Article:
RFID stands for Radio-Frequency IDentification. The acronym refers to the cards with small electronic devices that consist of a small chip and an antenna.
The RFID cards serves the same purpose as a bar code card or a magnetic strip card on the back of a credit card or ATM card; it provides a unique identifier for that object. And, just as a bar code or magnetic strip of cards must be scanned to get the information, the RFID device must be scanned to retrieve the identifying information.
RFID Works Better Than Barcodes
A significant advantage of RFID devices over the others mentioned above is that the RFID device does not need to be positioned precisely relative to the scanner. We're all familiar with the difficulty that store checkout clerks sometimes have in making sure that a barcode can be read. And obviously, credit cards and ATM cards must be swiped through a special reader.
In contrast, RFID devices will work within a few feet (up to 20 feet for high-frequency devices) of the scanner. For example, you could just put all of your groceries or purchases in a bag, and set the bag on the scanner. It would be able to query all of the RFID devices and total your purchase immediately.
One reason that it has taken so long for RFID to come into common use is the lack of standards in the industry. Most companies invested in RFID technology only use the tags to track items within their control; many of the benefits of RFID come when items are tracked from company to company or from country to country.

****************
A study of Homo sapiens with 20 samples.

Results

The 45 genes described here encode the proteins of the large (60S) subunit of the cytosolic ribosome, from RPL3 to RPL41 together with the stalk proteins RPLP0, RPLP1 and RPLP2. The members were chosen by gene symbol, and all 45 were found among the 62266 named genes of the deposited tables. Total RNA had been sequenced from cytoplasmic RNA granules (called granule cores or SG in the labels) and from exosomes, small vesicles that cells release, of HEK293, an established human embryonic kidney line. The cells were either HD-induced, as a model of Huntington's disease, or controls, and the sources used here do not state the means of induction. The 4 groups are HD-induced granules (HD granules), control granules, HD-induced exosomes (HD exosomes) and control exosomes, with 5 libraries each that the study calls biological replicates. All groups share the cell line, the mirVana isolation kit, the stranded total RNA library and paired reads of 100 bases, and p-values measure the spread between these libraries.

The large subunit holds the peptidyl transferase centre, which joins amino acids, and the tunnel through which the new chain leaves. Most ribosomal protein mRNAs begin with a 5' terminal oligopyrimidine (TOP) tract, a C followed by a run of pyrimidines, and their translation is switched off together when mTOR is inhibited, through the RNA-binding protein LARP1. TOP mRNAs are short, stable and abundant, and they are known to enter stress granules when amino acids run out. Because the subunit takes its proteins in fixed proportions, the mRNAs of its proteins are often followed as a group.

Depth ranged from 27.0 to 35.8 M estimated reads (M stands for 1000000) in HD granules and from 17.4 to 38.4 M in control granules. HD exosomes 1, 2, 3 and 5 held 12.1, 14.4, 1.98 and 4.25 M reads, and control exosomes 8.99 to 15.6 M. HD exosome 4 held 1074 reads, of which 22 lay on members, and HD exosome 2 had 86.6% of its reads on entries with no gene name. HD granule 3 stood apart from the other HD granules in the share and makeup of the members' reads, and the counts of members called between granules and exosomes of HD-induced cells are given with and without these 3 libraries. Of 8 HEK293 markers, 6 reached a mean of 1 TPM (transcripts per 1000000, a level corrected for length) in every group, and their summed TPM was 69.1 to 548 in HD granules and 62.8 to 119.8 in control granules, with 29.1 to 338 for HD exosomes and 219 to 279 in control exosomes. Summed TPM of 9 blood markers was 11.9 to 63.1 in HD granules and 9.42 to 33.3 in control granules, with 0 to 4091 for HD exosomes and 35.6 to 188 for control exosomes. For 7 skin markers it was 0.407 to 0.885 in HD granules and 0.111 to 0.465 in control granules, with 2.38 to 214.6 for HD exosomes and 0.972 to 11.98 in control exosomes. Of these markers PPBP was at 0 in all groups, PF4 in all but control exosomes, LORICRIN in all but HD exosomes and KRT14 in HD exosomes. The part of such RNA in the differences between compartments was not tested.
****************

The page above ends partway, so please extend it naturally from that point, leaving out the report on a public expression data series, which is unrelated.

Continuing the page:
Just as people use RFID as they go about their daily lives, objects also use this technology, as they transit from manufacture to storage and finally the point of sale. Like us, they also carry RFID tags. The difference between objects and ourselves is that they don’t “voluntarily” present their RFID tag or card when asked. These tags are therefore read in very different conditions and often require greater detection distances.
RFID (Radio Frequency Identification) can be defined as follows: Automatic identification technology which uses radio-frequency electromagnetic fields to identify objects carrying tags when they come close to a reader.
However, RFID cannot be reduced to one technology. RFID uses several radio frequencies and many types of tag exist with different communication methods and power supply sources.
RFID tags generally feature an electronic chip with an antenna in order to pass information onto the interrogator (also known as a base station or more generally, reader). The assembly is called an inlay and is then packaged to be able to withstand the conditions in which it will operate. This finished product is known as a tag, label or transponder.
The information contained within an RFID tag’s electronic chip depends on its application. It may be a unique identifier (UII, Unique Item Identifier or EPC code, Electronic Product Code, etc.). Once this identifier has been written into the electronic circuit, it can no longer be modified, only read. (This principle is called WORM Write Once Read Multiple). Some electronic chips have another memory in which users can write, modify and erase their own data. These memories vary in size from a few bits to tens of kilobits.
Shenzhen Zhengdafei Smart Cards Co., Ltd is the professional manufacturer of RFID cards since 2001.